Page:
The Supreme Court of Tennessee is considering amendments to the Tennessee Rules of Professional Conduct that would place restrictions on advertisements for attorneys. The FCC has advised against many of them.
According to FTC, “The FTC staff comment recommends that the Court decline to adopt proposals that are likely to unnecessarily restrict truthful and non-misleading information available to consumers of legal services in the state. It cites competition and consumer protection principles to aid the Court in reviewing the proposals, and addresses restrictions in proposed amendments that would:
* prohibit the use of actors, models, generally recognizable spokespersons, and certain background sounds;
* impose high substantiation burdens that may prohibit useful, non-deceptive advertising;
* limit advertising by attorneys if they do not also maintain an office in Tennessee; and
* require pre-screening and evaluation of all attorney advertisements by the Board of Professional Responsibility.
For example, in its remarks, the FTC noted that the use of actors or spokespeople does not inherently make an advertisement deceptive – it suggested that if the state feels the need to take some kind of step along this line, it add a requirement to disclose the fact that actors are used; likewise, requiring a spokesperson to restrict their comments to honest opinions or experiences.
It also noted that many honest and non-deceptive messages may not lend themselves to being supported as a “substantiated fact.” It suggested that the language be aimed at preventing statements that mischaracterize the attorney’s abilities or services.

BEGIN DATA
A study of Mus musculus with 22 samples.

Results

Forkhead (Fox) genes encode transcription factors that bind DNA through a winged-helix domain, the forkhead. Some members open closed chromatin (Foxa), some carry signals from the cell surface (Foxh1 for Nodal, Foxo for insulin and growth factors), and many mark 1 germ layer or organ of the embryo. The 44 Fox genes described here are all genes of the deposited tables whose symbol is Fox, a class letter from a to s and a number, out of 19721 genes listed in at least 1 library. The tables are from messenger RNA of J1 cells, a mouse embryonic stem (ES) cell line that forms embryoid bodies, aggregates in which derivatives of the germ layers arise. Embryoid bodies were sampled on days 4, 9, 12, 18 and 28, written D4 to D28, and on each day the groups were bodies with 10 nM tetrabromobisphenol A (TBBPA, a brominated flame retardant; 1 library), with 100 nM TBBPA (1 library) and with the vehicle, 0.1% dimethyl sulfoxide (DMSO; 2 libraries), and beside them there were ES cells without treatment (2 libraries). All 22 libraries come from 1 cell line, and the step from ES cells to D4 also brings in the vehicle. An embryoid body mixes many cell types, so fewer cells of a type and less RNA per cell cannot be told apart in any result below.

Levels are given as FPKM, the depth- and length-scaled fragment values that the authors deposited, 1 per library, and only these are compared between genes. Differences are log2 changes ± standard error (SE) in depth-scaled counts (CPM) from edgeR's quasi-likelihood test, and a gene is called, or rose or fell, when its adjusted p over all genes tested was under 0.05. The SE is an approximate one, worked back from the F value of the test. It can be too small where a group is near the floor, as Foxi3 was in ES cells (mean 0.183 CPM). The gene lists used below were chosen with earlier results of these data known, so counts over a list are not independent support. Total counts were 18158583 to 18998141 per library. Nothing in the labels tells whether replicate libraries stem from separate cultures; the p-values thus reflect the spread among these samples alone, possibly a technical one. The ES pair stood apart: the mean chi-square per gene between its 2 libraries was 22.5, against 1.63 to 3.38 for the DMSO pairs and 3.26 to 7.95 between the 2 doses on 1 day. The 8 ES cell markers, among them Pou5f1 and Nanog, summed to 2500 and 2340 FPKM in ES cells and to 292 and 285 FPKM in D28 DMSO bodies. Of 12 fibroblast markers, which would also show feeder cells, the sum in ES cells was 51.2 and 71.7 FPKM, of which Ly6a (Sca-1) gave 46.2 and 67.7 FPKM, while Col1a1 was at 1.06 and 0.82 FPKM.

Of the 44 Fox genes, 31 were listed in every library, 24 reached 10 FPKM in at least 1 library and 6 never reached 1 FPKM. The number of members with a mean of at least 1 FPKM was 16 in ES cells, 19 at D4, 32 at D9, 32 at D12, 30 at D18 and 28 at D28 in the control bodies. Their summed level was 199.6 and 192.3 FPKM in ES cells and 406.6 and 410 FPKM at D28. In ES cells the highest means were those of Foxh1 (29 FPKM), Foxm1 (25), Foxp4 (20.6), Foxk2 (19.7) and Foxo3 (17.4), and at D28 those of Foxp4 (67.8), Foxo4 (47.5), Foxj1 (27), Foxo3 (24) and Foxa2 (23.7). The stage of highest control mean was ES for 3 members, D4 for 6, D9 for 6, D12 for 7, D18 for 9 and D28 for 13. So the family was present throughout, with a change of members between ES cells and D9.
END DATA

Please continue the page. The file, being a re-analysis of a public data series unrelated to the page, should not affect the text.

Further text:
It suggested two reasons to avoid pre-screening ads. One is that it would tend to put the ads under the scrutiny and approval of a panel comprised of competing attorneys; and the other is that it would impose a financial burden on the attorneys. It suggested this area be avoided altogether.
FTC also said that preventing ads from out-of-state attorneys may be overbroad, since there is no residence requirement on attorneys, as long as they are licensed to practice in the state. It said the provision would unnecessarily restrict competition among attorneys over a consumer protection matter already served by the licensing process.
The agency concluded, “FTC staff believes consumers receive the greatest benefit when reasonable restrictions on advertising are specifically and narrowly tailored to prevent unfair or deceptive claims while preserving competition and ensuring consumer access to truthful and non-misleading information. Ru1es that unnecessarily restrict the dissemination of truthful and non-misleading information are likely to limit competition and harm consumers of legal services in Tennessee.”
FTC’s full comments can be read here.
RBR-TVBR observation: Freedom of speech is not quite so free when it is applied to advertising speech, and it’s good to see the FTC taking steps to keep it as free as possible. This advice to the court in Tennessee is advertiser-friendly, which makes it broadcaster friendly.